Expedition to South Africa
Undergraduate research assistants for Associate Professor Roland de Gouvenain, from left, Eric O’Rourke, Bruno Ramos, Keya Thakkar and Hector Nuñez.
Associate Professor Roland de Gouvenain
On July 24 RIC Associate Professor of Biology Roland de Gouvenain and two of his lab students, Eric O’Rourke and Bruno Ramos, will travel to one of the most biodiverse hotspots in the world – South Africa.
They will join Professor of Ecology and Evolutionary Biology John Silander of the University of Connecticut (UConn), as well as UConn graduate students and post-docs, in field research on plant evolutionary ecology.
Funded by a Dimensions of Biodiversity grant from the National Science Foundation (NSF), this five-year project (now in its third year) is being conducted by experts in ecology, evolution and genetics from UConn, University of California-Davis, Yale University and the University of Cape Town, South Africa. The team totals 25. Their mission is to understand the ecology and evolution of two genera: Protea and Pelargonium.
Protea is both the botanical name and the English common name of a genus of South African flowering plants also called sugarbushes. Pelargonium is a genus of flowering plants commonly known as geraniums. Both plants are common in two ecosystems: the Fynbos (the natural shrubland vegetation occurring in a small belt of the Western Cape of South Africa) and the Succulent Karoo (a desert ecoregion of South Africa).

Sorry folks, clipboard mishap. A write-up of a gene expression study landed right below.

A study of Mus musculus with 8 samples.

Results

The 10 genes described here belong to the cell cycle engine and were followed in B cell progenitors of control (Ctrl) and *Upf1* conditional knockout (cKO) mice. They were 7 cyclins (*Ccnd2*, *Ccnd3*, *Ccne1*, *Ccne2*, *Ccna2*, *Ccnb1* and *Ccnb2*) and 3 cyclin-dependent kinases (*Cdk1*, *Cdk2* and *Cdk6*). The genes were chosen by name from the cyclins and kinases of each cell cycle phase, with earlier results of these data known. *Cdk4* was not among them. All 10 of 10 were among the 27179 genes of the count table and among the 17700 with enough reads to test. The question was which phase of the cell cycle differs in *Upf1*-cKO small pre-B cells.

RIC became involved in the project when de Gouvenain invited one of the leaders of the project – Silander – to give a talk at the RIC Biology Department Symposium series last fall.
“Dr. Silander was so impressed with the level of questions and interest by our students that he suggested I collaborate with him in applying for an NSF supplemental research grant to piggyback his five-year grant,” said de Gouvenain.
Called Research Experiences for Undergraduates, this one-year supplemental grant provides a field research opportunity for undergraduate minority and underrepresented students who do not attend college at a major research institution.
RIC students Ramos is from Cape Verde and O’Rourke will be the first in his family to graduate from college, said de Gouvenain. “They’re good students. They’re excited about the opportunity and committed to make the most of it and learn as much as they can,” he said.
Ramos and O’Rourke will split their time in South Africa collecting plant specimens and plant trait data from the field and measuring and analyzing the data at a base station located 200 miles north of Cape Town.
In addition, they will collect data for his own smaller research project as part of their RIC departmental honors thesis.
Upon the team's return on Aug. 28, they will meet at UConn over the course of the fall semester to analyze the field data and possibly contribute to scientific papers for publication.